A new study has found that morbid obesity hinders organ donation and may even be contributing to a shortage of living kidney donors, according to researchers.
In an analysis of 104 potential kidney donors, researchers at the Hofstra North Shore-LIJ School of Medicine and Feinstein Institute for Medical Research found that 23 percent of the patients were classified as morbidly obese (with a body mass index higher than 35), which prohibited them from being able to donate.
Furthermore, the researchers said only 18 percent fell into a normal weight range, according to their BMI. The remaining 82 percent ranged from overweight to morbidly obese.
“This is the first time the pre-donation period was studied [in regards to organ transplants],” said Dr. Mala Sachdeva, assistant professor of medicine at the Hofstra North Shore-LIJ School of Medicine and researcher at the Feinstein Institute for Medical Research. “…Nobody has studied the pre-donation period and how many are excluded based on obesity.”
The study encompassed every person intending to donate a kidney who visited the Long Island transplant center between the years of 2008 to 2011 for an evaluation, Sachdeva clarified. This suggests the shortage due to obesity likely translates nationwide, she added.
“Just looking at these findings, we can definitely see obesity is a problem here,” Sachdeva said. “On a local level, we’re seeing it’s limiting the number of living donors, and it needs to be explored on a national level. I would not be surprised if we see similar findings.”
Additionally, while the transplant center Sachdeva works at only excludes those with a BMI of 35 or higher, for other centers the cut-off is 30, excluding even more potential donors. In the study, approximately 40 percent of the potential donors would have been excluded had the cut off been at 30.
“Something needs to be done – we can’t wait on this,” Sachdeva said. “We have more than 92 candidates on the waiting list for a kidney transplant, and nearly a quarter of people who could donate are excluded based on obesity.”
Morbidly obese patients are generally not used as organ donors due to the increased risk of complications during the operation and the development of chronic conditions linked to obesity, such as type 2 diabetes, hypertension and heart disease. Type 2 diabetes and hypertension are the two leading risk factors for end-stage renal disease, meaning an obese person would be at much greater risk for serious consequences down the road if he or she did donate a kidney.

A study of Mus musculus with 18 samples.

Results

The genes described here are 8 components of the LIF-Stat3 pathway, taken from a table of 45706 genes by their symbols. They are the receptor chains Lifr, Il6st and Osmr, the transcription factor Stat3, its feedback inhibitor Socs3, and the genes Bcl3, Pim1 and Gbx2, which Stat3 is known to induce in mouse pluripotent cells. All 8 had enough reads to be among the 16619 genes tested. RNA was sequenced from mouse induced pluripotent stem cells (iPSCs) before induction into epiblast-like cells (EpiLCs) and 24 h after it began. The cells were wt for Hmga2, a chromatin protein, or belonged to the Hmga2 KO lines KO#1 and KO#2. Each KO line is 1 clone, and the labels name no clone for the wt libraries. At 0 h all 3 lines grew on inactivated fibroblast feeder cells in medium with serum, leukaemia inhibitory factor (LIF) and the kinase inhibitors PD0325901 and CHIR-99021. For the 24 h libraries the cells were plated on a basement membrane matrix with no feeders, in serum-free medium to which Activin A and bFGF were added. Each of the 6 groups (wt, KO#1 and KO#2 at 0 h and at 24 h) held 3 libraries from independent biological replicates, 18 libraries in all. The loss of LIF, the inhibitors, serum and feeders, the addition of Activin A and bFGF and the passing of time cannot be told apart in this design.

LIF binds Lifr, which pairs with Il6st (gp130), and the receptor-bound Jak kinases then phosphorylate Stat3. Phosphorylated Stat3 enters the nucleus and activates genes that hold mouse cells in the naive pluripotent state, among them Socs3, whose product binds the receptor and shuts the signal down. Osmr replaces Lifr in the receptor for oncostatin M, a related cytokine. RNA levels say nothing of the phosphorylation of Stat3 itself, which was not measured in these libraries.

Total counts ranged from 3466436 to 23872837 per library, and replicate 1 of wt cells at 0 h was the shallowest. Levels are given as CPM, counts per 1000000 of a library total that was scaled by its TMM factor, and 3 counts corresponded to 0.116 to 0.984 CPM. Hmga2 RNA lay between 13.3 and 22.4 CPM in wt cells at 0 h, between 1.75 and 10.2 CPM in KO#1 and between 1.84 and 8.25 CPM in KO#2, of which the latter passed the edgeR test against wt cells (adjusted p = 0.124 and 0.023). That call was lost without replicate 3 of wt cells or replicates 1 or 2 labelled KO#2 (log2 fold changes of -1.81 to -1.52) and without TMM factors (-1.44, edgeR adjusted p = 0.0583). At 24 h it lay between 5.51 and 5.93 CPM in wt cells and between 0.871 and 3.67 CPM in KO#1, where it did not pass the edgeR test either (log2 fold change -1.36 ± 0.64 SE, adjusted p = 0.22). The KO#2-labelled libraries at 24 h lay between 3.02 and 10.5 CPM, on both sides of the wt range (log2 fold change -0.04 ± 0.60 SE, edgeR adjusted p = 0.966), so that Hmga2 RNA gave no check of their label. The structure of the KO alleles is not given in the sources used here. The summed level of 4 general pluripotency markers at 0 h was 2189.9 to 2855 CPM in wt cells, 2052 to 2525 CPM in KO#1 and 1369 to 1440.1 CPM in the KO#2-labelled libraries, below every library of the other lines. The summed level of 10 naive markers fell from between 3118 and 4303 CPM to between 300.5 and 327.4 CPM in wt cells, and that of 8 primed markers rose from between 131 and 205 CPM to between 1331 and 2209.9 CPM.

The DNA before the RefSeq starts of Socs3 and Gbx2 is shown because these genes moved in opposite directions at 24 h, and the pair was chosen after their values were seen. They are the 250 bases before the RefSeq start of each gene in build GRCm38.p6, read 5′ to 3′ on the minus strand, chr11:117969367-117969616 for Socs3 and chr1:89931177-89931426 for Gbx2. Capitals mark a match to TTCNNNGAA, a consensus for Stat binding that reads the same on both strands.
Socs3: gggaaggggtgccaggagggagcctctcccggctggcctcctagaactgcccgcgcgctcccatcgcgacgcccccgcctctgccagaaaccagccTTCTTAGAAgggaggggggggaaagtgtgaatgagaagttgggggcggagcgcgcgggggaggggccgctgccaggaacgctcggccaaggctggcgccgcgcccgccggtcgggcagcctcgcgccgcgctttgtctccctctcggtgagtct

Obese people in the study who wanted to donate were put into contact with a nutritionist at the transplant center who recommended rigid lifestyle and diet modifications and followed up with each person monthly to chart their progress.
Only 3 percent of those who fell into the morbidly obese category were able to successfully lose the weight and donate their kidneys. According to the researchers, the majority of the other obese participants were either still trying to lose weight (30 percent) or had changed their minds about donating (26 percent).
“We need to target that 30 percent who are really motivated to lose weight,” Sachdeva recommended. “What can we do differently? We could put them in a more rigorous weight loss program, have closer follow-up, offer motivational support groups or even in some participants – if their BMI permits – consider bariatric surgery.”
On a national level, Sachdeva added, it is critical to continue to educate the public on obesity. She said most potential donors who came into the transplant center were not even aware their weight may be an impediment to donation.
“A lot of the people who come in really have the motivation to donate,” Sachdeva said. “Then they get their weight and height measured and when they find out they can’t donate, they’re pretty upset.”